Monday, April 03, 2006

I am fond of The Catholic Study Bible but it has a few flaws. It endorses the following theories which I believe to be false: the Q (Quelle = "Source") document, J-E-D-P theory, and Deutero-Isaiah. I will elaborate soon.

2 comments:

Gavin said...

As far as I know, the Roman Church accepts critical schollarship. At least all the Roman Catholics I know accept it, and claim the church backs it.

And sorry to lump 2 things together, but you said you're going to be baptized. I thought you were a protestant converting to Catholicism? Aren't you already baptized?

Moonshadow said...

Critical scholarship is not for the faint of heart.

The laity are not bound to agree with the critical work of the specialists, but many do, wanting to appear enlightened and well-read. You can be a perfectly faithful Catholic, whether you think Isaiah the unified work of a single author or not.

The nature of biblical prophecy may be the most frustrating. With few exceptions, Catholics do not think that biblical writers were given visions of future events. Visions and dreams are considered literary techniques employed to bolster credibility.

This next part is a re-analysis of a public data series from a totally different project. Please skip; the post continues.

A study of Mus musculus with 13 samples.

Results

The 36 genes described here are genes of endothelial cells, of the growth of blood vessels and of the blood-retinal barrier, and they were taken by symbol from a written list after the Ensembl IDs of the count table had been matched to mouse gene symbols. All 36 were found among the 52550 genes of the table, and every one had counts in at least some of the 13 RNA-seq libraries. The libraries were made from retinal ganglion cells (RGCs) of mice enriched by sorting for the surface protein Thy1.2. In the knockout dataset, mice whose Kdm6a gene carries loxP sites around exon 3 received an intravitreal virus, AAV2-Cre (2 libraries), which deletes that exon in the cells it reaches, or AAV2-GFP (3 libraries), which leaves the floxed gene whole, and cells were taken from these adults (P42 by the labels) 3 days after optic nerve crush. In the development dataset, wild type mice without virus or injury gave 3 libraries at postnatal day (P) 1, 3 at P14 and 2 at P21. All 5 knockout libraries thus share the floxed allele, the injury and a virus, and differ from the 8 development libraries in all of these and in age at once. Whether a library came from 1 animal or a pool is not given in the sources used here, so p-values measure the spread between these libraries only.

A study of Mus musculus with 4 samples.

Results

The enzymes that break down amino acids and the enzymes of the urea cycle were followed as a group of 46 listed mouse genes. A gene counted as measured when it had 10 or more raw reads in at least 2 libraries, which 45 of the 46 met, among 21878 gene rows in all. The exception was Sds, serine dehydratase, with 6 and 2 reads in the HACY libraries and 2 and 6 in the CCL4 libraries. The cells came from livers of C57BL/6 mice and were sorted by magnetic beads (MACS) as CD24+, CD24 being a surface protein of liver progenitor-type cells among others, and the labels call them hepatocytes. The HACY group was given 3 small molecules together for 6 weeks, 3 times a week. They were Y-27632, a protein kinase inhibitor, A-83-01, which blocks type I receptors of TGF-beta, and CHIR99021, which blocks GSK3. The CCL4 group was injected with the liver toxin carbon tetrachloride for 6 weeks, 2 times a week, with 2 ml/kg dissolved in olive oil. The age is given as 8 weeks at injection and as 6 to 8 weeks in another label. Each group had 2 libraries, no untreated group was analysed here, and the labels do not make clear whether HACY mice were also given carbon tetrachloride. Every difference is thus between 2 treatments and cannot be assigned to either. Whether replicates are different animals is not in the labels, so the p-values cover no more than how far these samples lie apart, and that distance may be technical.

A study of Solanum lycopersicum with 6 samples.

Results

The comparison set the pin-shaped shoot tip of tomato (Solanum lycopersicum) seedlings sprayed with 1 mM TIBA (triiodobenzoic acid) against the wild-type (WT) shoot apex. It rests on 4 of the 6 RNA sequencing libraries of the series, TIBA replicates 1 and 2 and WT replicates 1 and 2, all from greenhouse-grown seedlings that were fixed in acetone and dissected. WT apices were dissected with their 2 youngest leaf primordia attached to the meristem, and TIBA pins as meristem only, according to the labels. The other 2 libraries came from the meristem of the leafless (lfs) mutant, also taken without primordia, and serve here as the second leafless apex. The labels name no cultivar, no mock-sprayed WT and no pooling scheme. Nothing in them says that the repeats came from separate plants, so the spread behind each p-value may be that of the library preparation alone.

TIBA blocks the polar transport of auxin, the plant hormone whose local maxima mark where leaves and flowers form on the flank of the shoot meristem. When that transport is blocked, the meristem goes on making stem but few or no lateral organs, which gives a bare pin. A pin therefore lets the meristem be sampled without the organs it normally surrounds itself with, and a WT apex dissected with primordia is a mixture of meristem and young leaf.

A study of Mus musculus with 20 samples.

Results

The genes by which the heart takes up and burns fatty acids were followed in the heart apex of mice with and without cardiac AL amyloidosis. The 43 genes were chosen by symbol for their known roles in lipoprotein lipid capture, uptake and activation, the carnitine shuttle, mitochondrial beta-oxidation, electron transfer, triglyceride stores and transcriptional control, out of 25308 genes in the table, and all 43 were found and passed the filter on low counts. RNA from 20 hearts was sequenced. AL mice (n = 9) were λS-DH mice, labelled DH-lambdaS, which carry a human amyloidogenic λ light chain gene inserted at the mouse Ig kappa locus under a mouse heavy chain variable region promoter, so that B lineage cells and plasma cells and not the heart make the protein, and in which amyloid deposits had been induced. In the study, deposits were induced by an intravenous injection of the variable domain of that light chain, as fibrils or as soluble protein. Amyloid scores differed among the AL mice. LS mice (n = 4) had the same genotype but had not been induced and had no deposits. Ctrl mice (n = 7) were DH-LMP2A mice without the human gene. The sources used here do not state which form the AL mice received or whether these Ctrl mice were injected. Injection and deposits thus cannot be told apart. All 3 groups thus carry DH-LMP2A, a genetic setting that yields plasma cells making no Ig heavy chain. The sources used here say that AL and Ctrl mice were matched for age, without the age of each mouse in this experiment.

This is especially true in the Book of Daniel.

However, the apocalyptic language in the Gospels, in Paul's letters and in the Book of Revelation stand, for the most part, as inspired impressions of coming events, but not necessarily to be understood literally.

I recommend the Navarre Bible. Amazon has it. It's a little pricey.

Or, stay with the NIV Study Bible. It's perfectly fine.

Even the Reformed Study Bibles available nowadays, gavin, are ok. Sproul's ESV version is helpful, but I like the one from Zondervan with the Reformed study aids in the appendix, WCF and catechisms. You know what I mean.

Choosing to become a Catholic boils down to doctrine and, specifically, to soteriology (how we are saved) and ecclesiology (the nature of the church).

Interpretation on a particular passage isn't likely to vary as much as the relative emphasis particular passages are given in one's doctrine of salvation or understanding of the church.

In my experience, Catholicism is the best at bringing to bear the entire witness of Scripture upon its doctrines. Non-Catholic theology overemphasizes some aspects of biblical theology and silences others, to their detriment.